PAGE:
Objectives: The Paediatric Intensive Care Society Study Group conducted a research prioritization exercise with the aim to identify and agree research priorities in Pediatric Critical Care in the United Kingdom both from a healthcare professional and parent/caregiver perspective.
Design: A modified three-round e-Delphi survey, followed by a survey of parents of the top 20 healthcare professional priorities.
Setting: U.K. PICUs.
Patients: U.K. PICU healthcare professionals who are members of the professional society and parents and family members of children, with experience of a U.K. PICU admission.
Measurements and main results: Forty-nine healthcare professional submitted topics in round 1, 98 participated in round 2, and 102 in round 3. These topics were categorized into eight broad domain areas, and within these, there were 73 specific topics in round 2. At round 3, 18 topics had a mean score less than 5.5 and were removed, leaving 55 topics for ranking in round 3. Ninety-five parents and family members completed the surveys from at least 17 U.K. PICUs. Both parents and healthcare professional prioritized research topics associated with the PICU workforce. Healthcare professional research priorities reflected issues that impacted on day-to-day management and practice. Parents' prioritized research addressing acute situations such as infection identification of and sepsis management or research addressing long-term outcomes for children and parents after critical illness. Parents prioritized research into longer term outcomes more than healthcare professional. Parental responses showed clear support for the concept of research in PICU, but few novel research questions were proposed.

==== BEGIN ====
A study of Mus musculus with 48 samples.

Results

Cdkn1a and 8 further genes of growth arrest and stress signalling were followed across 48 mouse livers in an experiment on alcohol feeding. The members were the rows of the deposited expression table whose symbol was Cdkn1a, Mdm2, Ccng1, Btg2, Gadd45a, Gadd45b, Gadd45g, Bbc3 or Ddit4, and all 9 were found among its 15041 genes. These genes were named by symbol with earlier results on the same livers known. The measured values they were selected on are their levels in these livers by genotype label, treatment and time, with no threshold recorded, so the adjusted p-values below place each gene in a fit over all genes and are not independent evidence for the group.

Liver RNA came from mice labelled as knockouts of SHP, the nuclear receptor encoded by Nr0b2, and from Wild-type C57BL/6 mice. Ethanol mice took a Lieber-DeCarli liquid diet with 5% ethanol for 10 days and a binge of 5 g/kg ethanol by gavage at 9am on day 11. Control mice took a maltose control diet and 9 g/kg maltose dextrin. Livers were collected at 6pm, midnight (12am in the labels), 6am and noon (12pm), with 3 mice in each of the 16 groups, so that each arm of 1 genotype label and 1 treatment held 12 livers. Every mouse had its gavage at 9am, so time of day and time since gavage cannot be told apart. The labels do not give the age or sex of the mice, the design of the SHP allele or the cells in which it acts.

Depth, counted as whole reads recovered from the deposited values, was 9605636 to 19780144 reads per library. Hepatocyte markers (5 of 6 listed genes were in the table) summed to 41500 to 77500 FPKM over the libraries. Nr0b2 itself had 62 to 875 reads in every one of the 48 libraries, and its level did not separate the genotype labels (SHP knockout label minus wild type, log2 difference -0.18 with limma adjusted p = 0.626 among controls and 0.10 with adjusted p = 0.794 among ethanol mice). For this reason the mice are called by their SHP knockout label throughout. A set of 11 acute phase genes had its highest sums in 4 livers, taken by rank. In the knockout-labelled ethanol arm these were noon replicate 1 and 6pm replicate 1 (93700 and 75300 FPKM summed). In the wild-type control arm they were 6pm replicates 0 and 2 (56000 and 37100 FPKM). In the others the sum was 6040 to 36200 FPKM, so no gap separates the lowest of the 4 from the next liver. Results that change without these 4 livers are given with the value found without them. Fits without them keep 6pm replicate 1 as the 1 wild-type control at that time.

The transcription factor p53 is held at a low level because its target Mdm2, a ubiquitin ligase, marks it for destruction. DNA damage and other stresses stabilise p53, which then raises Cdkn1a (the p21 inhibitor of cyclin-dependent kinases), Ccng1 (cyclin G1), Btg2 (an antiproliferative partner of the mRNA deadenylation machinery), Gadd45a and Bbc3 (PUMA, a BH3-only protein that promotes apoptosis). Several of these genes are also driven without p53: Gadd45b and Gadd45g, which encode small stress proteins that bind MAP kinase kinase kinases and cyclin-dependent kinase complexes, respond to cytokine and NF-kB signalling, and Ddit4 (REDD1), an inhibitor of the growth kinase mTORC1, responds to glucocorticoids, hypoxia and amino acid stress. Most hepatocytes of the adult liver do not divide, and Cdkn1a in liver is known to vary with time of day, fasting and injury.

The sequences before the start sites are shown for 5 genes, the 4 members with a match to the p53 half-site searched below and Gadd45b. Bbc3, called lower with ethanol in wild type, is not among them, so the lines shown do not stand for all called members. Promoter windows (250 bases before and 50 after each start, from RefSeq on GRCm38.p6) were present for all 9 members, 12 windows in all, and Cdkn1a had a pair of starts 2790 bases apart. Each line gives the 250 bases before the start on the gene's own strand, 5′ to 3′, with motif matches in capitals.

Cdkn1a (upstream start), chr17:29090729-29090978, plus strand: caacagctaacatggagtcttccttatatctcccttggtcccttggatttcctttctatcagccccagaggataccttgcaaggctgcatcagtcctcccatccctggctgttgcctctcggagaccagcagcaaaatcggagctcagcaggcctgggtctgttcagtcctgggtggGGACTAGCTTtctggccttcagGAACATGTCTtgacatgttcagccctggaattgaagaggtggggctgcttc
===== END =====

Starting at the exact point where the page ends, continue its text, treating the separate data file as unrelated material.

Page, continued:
Conclusions: This is the first research prioritization exercise within U.K. PICU setting to include parents' and families' perspectives and compare these with healthcare professional. Results will guide both funders and future researchers.
Trial registration: ClinicalTrials.gov NCT04381936 NCT02735707.
Copyright © 2020 by the Society of Critical Care Medicine and the World Federation of Pediatric Intensive and Critical Care Societies.